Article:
My dad never wore a red velvet suit. He never grew a long white beard. But he was Santa to many needy people at Christmas time.
For many years, Daddy bought and delivered hams to a financially strapped nursing home that served the poorest of the black community. He also took them some old clothes, probably his and Momma’s.
I recall one Christmas in particular when he took my sister and me to St. Mary’s Home for Disabled Children to pick up two little Downs Syndrome girls. We took them shopping at Sears where Daddy worked as a department manager for a time. We bought complete outfits and some toys and then returned the little girls to St. Mary’s. I doubt we would be able to do anything like that today, what with privacy laws and perverts running amuck disguised as nice people.
|Marie showing off her new coat |
to the nuns at St. Mary's in Norfolk, Virginia
Through these small acts of charity, Daddy introduced us to worlds we had never known. What did we know of being poor, being black, being physically handicapped, having nowhere to go? But in those strange and dark worlds were people offering amazing love and care.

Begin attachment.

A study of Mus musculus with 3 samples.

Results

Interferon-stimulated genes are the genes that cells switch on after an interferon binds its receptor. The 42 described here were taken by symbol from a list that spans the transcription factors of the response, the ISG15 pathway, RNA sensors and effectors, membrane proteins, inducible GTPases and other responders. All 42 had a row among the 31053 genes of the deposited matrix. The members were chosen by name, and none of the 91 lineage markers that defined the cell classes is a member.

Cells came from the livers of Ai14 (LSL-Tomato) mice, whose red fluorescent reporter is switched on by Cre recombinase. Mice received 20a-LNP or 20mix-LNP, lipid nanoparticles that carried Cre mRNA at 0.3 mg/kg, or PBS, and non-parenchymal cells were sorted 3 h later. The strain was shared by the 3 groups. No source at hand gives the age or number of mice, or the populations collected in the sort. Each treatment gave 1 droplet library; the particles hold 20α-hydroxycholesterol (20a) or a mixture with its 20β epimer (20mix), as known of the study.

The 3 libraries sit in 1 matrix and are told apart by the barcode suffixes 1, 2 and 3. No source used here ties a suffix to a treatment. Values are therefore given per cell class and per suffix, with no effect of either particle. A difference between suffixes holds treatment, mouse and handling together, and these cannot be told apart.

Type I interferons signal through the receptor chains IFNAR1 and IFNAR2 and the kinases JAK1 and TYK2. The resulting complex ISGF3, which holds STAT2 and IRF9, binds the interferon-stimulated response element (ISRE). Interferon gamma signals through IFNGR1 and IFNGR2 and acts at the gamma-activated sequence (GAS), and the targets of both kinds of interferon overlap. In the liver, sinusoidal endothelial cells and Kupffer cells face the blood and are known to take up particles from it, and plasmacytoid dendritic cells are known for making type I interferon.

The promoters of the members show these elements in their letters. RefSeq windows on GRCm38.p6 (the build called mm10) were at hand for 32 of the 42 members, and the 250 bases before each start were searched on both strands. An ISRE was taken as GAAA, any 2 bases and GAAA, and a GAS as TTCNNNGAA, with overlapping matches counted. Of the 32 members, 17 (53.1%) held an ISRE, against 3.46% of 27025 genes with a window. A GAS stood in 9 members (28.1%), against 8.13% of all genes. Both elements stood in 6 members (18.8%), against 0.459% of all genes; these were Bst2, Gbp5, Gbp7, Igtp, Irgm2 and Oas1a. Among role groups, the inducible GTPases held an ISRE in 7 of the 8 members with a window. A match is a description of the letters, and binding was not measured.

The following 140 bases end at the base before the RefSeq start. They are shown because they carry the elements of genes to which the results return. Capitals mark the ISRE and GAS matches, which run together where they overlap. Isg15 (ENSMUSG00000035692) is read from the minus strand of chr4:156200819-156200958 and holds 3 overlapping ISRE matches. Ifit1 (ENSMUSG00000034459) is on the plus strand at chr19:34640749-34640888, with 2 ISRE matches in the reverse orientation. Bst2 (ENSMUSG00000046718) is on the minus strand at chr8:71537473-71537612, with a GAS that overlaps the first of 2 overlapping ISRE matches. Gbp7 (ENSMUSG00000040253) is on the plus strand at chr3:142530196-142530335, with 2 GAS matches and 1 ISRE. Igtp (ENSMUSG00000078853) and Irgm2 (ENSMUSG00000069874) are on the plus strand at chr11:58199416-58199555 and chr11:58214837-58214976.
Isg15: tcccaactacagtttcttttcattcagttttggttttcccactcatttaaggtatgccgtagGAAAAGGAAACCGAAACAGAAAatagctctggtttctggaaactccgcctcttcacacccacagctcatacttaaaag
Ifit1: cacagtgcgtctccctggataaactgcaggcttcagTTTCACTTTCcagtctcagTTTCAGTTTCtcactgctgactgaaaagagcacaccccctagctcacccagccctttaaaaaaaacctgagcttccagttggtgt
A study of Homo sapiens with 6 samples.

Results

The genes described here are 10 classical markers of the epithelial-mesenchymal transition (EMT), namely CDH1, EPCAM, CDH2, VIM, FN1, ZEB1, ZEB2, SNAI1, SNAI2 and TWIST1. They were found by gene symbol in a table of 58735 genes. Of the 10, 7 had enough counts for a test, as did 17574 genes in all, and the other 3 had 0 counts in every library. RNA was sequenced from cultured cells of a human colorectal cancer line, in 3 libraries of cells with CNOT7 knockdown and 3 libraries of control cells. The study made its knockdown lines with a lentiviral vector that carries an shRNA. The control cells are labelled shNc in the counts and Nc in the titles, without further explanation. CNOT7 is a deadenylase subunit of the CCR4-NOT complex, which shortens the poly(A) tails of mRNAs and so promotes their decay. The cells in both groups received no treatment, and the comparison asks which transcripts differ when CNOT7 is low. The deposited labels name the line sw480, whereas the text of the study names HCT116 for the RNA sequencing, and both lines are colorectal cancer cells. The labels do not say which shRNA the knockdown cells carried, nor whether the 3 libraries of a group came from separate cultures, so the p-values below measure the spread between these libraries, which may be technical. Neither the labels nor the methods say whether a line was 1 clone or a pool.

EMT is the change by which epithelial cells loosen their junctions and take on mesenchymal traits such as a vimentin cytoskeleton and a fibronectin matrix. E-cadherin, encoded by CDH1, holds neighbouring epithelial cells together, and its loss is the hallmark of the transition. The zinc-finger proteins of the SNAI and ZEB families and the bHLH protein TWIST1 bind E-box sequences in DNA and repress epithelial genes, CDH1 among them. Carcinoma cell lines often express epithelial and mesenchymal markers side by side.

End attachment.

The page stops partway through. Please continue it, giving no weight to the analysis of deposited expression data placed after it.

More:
At Christmas especially we try to step outside ourselves for a bit to bring hope in situations that seem hopeless. Our family supports the Shoebox ministry at our church by filling two shoeboxes with toys, one for a girl and one for a boy. We also fulfill (or partially fulfill) the wish list of a foster child through Chesapeake Social Services. I like to sign up for a teenager because most people don’t want them; they prefer to buy cute toys for cute little ones. From my experience as a teacher, teens NEED that “normal” Christmas more than a child does.
I’m not trying to shine light on my good works or hold our family up as an example. It's just something we do, part of our traditions. Quite honestly, we don’t do enough. Daddy instilled in my sister and me the need to carry on the tradition, one which we hope our children will continue as well.